In a High School Theology Class, at Fordham Prep, a Jesuit explained to several of us Science and Greek Honor Majors that the word translated in the bible as “virgin” may more properly be translated as “maiden” – meaning only unmarried. To this day, I find that moment of instruction reassuring.
It allowed us young men to discount the significance that so many believers ascribed to the conception of Jesus in terms defying how every other natural person is born.
Some told us that it was a mystery, the “virgin birth,” that must be taken on faith, but our Jesuit teacher showed us how what is natural was not necessarily contradicted in scripture.
The world is a terrible place if one takes everything literally, does not question the facts, and can’t understand the role of metaphor and symbolism. I’m grateful for my early faith – or indoctrination –and an appreciation that symbols and metaphors are means that are transparent to transcendence.
When considering the liturgy, we know that some aspects of “the faith” and its liturgical events were taken over wholesale from “pagan” rituals. Pagan was a term of slander for religions other than what was Christian.
That adoption of the rites of other religions appealed to my political understanding, but it also depreciated what many insisted to be true, that the Christian was the one true faith, although it’s challenging to know which sect of Christianity we’re talking about – the Roman Catholic, Anglican, Protestant, Baptist, Lutheran, Fundamentalists, Pietism, Evangelicalism, Pentecostalism, Latter Day Saints, Eastern Orthodox, or Gnosticism.
When the Dominican Nuns told me my Dad was going to hell if he didn’t go to church, I asked him about that. He answered, “We all believe in our own way.”
The Washington Post had a wonderful discussion of the myths of Christmas, how Jesus was more likely born in the spring, not the Winter, and not in a stable. Jesus’ birthday was not celebrated for centuries, and the date of Jesus’ birth was picked based on insisting that Jesus conception coincide with the date of his crucifixion, on March 25th, and so, Jesus’ birth had to occur 9 months later on December 25th.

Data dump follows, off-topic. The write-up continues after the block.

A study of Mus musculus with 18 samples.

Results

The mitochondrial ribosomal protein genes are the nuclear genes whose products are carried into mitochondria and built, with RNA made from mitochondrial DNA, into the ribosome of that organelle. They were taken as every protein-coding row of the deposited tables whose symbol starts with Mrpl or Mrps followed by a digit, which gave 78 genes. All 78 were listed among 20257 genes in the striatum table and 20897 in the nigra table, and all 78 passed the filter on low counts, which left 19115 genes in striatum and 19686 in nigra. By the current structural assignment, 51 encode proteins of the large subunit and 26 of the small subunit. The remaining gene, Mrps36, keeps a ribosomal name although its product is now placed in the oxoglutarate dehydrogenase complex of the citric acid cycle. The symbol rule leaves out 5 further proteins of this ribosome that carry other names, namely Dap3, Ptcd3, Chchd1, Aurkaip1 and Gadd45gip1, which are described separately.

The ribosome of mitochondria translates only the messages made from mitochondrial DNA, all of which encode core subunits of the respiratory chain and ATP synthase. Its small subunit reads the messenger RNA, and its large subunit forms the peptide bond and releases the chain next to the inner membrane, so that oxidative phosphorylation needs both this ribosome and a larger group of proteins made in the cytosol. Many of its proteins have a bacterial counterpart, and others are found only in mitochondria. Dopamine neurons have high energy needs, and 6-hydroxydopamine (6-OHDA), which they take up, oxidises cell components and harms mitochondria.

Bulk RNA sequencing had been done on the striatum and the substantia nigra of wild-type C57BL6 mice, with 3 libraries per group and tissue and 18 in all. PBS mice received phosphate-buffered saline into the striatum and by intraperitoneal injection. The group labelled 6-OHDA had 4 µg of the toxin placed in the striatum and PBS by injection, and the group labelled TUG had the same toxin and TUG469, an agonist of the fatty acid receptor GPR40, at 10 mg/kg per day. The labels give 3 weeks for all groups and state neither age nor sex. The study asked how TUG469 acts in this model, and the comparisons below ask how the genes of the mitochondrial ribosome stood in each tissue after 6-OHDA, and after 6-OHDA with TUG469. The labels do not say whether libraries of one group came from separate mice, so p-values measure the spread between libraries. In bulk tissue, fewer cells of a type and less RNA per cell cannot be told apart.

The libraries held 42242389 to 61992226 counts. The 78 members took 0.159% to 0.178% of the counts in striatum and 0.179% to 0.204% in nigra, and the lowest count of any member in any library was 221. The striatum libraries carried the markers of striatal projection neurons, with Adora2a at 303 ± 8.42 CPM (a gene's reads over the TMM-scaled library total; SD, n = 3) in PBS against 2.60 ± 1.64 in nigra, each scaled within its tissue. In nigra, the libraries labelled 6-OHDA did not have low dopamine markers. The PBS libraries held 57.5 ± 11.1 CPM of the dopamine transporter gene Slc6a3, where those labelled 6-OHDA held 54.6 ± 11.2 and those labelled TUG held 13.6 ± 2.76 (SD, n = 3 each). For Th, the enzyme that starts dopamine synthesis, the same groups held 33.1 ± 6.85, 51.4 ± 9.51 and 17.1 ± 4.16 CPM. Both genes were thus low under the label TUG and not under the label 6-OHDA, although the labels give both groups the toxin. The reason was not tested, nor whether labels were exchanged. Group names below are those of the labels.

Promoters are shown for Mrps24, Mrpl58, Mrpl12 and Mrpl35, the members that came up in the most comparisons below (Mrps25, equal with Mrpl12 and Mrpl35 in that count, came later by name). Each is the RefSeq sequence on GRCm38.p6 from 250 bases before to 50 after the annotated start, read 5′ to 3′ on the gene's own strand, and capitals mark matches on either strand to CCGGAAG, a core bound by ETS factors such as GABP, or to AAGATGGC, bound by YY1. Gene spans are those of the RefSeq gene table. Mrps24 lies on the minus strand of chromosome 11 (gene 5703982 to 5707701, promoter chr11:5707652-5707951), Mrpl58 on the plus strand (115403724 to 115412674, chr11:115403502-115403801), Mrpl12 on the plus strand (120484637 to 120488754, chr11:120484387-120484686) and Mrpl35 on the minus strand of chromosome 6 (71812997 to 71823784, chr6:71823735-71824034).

But the real point of all this is that those who treat this Christmas Day as a day of charity toward others capture the spirit and a belief that we should all share, and with or without religion.
I’m afraid, however, that, as a society, especially of late, we fail this praiseworthy impulse – to be charitable to one and all.
It’s heartening to know the many people who do reach out to others, who care, and who embrace the fundamental instruction of the season – to love one’s neighbor as oneself.
Following the recent campaign season, this Christmas, perhaps more than any other in my lifetime, serves up a stark contrast between charity and hate, and peace and war.
We are going to find out soon, in this new Presidential Administration, if we can live as many claim they believe based on their religion.
But to do that, one must speak and act in a way that reflects this basic Christian value.
For those who read the Bible, Jesus once said, if you are tepid, I shall spit you forth from my mouth.
We must appreciate that we are only what we do, not what we say we believe.
As my Dad said, we all believe in our own way.
But a belief that does not improve the condition of all living things, human and every other creature, that does not even try, is not much of a belief.